Connected car fraud is on the up, according to new research by Uswitch. The comparison site recently revealed new findings that showed that the average 'connected car' collects as much as 25GB of data every hour, on the driver and the passengers, as well as the vehicle itself.
Currently, 67 percent of of new cars registered in the UK are connected, while every new car is expected to be connected by 2026. A typical connected car contains 150 million lines of code, more than 103.5 million more lines of a code than a Boeing 787 commercial jet.
How many lines of code are needed to run connected cars?
However, with that wealth of data available, car cyber attacks have multiplied six times over in the last four years. What's more, a 2019 cybersecurity industry survey found that 62 percent of respondents think that a malicious attack on their software or components will occur at some point in the next year.
Examples of connected tech in modern cars include remote central locking, smartphone linking, and keyless technology which has proved to be a popular avenue to go down when it comes to criminals stealing cars. Criminals can also capitalise on the weaknesses of connected mobile apps and built-in apps.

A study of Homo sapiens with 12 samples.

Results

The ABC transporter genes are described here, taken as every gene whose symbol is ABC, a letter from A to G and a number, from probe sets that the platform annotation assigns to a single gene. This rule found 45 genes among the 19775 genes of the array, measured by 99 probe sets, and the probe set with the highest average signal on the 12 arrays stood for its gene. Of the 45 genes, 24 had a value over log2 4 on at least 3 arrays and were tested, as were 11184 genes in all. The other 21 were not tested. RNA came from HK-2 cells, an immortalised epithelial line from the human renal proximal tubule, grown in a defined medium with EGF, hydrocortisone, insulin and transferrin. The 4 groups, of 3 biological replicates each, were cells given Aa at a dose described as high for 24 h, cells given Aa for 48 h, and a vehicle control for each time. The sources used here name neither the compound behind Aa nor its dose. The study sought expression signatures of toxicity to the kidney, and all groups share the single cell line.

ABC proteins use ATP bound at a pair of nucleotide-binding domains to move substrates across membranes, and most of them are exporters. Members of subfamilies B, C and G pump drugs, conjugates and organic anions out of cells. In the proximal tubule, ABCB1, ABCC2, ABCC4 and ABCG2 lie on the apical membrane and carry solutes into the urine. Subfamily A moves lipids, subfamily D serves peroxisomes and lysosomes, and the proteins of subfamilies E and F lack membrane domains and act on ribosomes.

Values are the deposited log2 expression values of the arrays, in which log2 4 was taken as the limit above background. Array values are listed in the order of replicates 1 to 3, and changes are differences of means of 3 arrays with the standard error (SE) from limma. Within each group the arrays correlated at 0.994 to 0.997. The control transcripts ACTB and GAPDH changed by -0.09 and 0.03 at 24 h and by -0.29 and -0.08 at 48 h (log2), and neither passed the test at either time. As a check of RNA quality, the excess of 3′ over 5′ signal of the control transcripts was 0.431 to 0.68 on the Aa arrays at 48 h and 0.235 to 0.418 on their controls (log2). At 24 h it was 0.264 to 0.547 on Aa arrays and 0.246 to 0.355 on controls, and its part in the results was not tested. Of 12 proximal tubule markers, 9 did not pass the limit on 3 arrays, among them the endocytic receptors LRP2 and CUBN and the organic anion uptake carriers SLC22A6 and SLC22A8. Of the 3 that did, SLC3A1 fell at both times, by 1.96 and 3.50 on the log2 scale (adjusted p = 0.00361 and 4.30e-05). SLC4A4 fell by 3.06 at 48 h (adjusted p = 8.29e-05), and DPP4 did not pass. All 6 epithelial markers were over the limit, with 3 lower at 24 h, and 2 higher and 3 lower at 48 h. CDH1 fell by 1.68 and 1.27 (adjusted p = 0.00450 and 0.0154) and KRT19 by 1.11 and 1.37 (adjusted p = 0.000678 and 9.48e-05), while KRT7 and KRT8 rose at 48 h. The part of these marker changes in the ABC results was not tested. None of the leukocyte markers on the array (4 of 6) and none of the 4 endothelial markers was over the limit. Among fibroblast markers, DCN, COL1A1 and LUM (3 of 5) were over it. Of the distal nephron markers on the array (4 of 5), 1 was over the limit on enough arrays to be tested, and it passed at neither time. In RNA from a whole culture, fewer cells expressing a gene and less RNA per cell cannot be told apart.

Areas of a connected car most at risk of cyber attack
"Even if basic privacy measures were put in place, we feel anonymised data can be easily matched with other elements to break down any attempts to promote user privacy," said Jonaton O’Mara, a cybersecurity expert form CompareMyVPN. "In addition, the car companies themselves can now collect huge swathes of rich personal data – mainly location-based and habitual movements.
"However, this also covers connected device activity such as calls made, messages and phone numbers, which for privacy-concerned individuals is quite alarming. What we need is pressure from regulators and the cybersecurity industry to ensure that connected car data is both encrypted end-to-end to reduce any threat from a third party as well as what data is actually stored and kept."